The United Nations passed a resolution Saturday which demands safe and unfettered access for humanitarian aid groups to the besieged civilian population of Syria.
The U.N.'s 15-member Security Council passed the resolution unanimously Saturday. It condemns the ongoing violence in Syria and orders both sides of the fighting to lift sieges of civilian populations to allow access for humanitarian aid.
Syria's three-year civil war has killed over 100,000 people, and the U.N. estimates over 9 million people have been displaced from their homes or cut off from aid. (Via Fox News)
U.N. Secretary-General Ban Ki-Moon welcomed the resolution's passage Saturday, but he also pointed out delivering humanitarian assistance shouldn't require a Security Council resolution.
"This resolution should not have been necessary. Humanitarian assistance is not something to be negotiated. It is something to be allowed by virtue of international law."
There was a good deal of skepticism surrounding this resolution. Three similar proposals had been struck down in the past by Russia, who has supported the Syrian regime alongside China.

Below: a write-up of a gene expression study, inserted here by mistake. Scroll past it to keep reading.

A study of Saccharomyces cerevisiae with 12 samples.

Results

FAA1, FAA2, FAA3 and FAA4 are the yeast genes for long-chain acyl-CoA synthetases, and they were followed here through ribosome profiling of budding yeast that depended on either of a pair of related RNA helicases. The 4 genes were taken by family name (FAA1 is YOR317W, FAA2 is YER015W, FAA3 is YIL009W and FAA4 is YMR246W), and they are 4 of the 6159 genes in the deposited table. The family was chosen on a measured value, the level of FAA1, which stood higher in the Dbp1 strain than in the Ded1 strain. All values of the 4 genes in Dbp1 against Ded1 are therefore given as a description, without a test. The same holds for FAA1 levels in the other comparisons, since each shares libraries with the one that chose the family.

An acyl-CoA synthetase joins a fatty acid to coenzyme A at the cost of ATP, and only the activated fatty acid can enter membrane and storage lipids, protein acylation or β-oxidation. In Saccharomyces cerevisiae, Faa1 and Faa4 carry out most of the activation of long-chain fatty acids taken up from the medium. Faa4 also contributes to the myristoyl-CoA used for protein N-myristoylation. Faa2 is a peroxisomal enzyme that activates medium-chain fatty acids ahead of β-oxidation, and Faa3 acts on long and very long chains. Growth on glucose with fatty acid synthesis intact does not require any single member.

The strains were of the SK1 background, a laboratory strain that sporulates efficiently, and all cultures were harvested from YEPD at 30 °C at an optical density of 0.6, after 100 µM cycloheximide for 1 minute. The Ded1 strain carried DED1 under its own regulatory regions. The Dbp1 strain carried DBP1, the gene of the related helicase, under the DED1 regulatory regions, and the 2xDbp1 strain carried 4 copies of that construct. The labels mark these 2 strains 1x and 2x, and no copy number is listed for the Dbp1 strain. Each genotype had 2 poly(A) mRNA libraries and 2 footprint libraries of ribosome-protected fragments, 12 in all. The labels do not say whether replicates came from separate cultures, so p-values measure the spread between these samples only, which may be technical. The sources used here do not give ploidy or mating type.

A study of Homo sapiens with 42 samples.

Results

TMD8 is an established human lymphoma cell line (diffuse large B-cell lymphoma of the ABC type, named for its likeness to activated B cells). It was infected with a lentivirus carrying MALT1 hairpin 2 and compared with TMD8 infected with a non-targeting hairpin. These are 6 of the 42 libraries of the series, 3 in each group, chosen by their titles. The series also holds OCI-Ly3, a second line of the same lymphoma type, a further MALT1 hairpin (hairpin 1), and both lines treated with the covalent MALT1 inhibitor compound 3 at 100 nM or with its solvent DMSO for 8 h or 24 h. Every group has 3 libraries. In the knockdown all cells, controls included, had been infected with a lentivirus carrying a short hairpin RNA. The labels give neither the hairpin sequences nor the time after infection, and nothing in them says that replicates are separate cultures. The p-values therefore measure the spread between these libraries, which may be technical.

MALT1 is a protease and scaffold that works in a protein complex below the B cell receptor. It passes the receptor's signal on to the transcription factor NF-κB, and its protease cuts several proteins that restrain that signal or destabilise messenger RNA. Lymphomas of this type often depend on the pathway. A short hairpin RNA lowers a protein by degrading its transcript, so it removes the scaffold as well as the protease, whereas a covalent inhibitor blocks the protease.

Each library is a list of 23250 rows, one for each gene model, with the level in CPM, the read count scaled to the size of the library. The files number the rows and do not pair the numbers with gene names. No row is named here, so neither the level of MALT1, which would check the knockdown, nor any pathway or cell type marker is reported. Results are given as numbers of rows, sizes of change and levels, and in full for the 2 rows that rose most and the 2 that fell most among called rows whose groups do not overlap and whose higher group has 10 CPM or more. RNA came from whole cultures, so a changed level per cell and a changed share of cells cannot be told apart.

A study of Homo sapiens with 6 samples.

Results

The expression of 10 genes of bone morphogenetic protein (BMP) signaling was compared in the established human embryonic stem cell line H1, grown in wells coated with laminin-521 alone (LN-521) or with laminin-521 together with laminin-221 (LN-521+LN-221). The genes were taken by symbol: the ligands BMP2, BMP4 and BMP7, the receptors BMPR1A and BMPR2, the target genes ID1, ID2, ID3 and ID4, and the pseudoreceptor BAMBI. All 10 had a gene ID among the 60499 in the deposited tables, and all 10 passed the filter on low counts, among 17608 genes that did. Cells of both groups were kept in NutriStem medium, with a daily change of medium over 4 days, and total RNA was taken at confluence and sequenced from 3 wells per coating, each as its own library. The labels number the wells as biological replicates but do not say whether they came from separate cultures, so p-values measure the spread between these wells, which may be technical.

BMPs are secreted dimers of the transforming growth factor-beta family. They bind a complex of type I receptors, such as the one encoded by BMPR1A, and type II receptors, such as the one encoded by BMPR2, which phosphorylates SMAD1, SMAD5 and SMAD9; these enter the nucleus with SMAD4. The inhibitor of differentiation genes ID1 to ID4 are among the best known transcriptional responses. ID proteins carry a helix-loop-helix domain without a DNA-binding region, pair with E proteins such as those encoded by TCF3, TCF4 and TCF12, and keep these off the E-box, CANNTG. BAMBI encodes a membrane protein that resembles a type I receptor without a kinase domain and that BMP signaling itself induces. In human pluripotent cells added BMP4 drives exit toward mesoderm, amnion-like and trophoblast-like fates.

The New York Times reports Russian ambassador Vitaly I. Churkin kept the press guessing until the morning of the vote. As he entered the council room, Churkin told reporters "Of course we're going to support it. ... It's a pretty good resolution."
But The Wall Street Journal notes support from Russia came at a high price. The initial draft of the resolution threatened automatic sanctions against any party which failed to comply with the resolution in 15 days. That clause has been watered down in the final version to an "intent to take further steps" after 30 days.
"That is the weakness of this resolution, there isn't an enforcement mechanism. If Syria says, 'We're not going to abide by this,' there isn't an immediate way of punishing non-compliance." (Via BBC)
The first test of this resolution comes in 30 days, when the Secretary-General will report to the council which sides of the conflict are complying with the order.